Since I had learned a little bit about grafting, the next step was to find some actual scion wood that I could practice on. Although there are some places that you can order scions from, the ongoing challenge is finding the right apple varieties for the Edmonton area. Fortunately, the timing was perfect and shortly after the grafting course the DBG Fruit Growers group held a scion wood exchange. Many other fruit growers from the area brought wood from their fruit trees that was available for purchase or exchange. Although the weather sure didn’t feel like it was almost grafting season, it was fun to visit the gardens under a fresh blanket of snow.
This was a perfect opportunity, because not only is it a chance to get access to fruit varieties that have been successfully grown locally, but the varieties are actually identified and named. This is a helpful starting point as it is much easier to track different apples when we know what they are! We also had the opportunity to ask some of the attendees if they had any suggestions for cider apple varieties.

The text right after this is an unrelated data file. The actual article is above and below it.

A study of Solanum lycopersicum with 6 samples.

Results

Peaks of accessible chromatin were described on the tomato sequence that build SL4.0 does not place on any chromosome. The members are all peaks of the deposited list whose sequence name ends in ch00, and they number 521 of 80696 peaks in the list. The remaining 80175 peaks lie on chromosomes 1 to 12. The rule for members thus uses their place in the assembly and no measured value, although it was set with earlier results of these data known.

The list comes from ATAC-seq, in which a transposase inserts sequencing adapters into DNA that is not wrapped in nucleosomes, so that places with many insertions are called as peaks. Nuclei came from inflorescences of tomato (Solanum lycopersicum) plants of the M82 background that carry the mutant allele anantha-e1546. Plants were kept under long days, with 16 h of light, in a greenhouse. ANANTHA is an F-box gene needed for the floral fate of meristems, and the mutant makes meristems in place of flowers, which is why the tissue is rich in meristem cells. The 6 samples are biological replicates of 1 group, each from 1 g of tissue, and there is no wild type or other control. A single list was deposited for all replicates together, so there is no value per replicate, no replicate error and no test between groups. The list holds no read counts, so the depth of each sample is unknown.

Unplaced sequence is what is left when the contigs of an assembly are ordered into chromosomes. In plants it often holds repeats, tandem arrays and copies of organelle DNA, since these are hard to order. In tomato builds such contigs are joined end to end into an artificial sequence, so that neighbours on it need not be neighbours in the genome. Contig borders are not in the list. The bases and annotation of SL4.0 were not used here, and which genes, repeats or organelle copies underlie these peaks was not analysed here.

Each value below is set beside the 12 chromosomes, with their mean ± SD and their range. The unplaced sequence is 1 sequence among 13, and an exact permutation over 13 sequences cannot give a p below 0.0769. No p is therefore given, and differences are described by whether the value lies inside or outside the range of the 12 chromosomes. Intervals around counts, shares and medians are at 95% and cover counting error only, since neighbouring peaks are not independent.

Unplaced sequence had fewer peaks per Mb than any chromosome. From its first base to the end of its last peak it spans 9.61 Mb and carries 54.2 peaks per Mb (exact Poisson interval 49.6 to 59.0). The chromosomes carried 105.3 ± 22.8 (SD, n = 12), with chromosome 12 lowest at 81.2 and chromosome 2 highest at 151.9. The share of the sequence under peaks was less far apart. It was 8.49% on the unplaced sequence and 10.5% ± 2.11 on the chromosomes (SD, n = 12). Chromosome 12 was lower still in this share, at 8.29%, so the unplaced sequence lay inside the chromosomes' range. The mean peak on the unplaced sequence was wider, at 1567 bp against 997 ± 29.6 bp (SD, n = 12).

After chatting with many of the fruit growers, we ended up with scions for 7 apple varieties and 2 pear varieties. It was exciting to get so many, but now we have to find somewhere to graft them! Our little apple tree already has 5 varieties on it, so there is only so much room for more. There is a month until the time of year suggested for grafting. In that time we’re going to have to try to find space, and more trees/rootstock to graft all our scions onto.
The types of apples we got were:
- Red Wonder
- Edmonton Boris (Admittedly just for the name…)
- Lee 17
And a few pears:
Although it will still be a while before we actually get any fruit from them, we can hardly wait to give them a try and increase the diversity of our little urban orchard.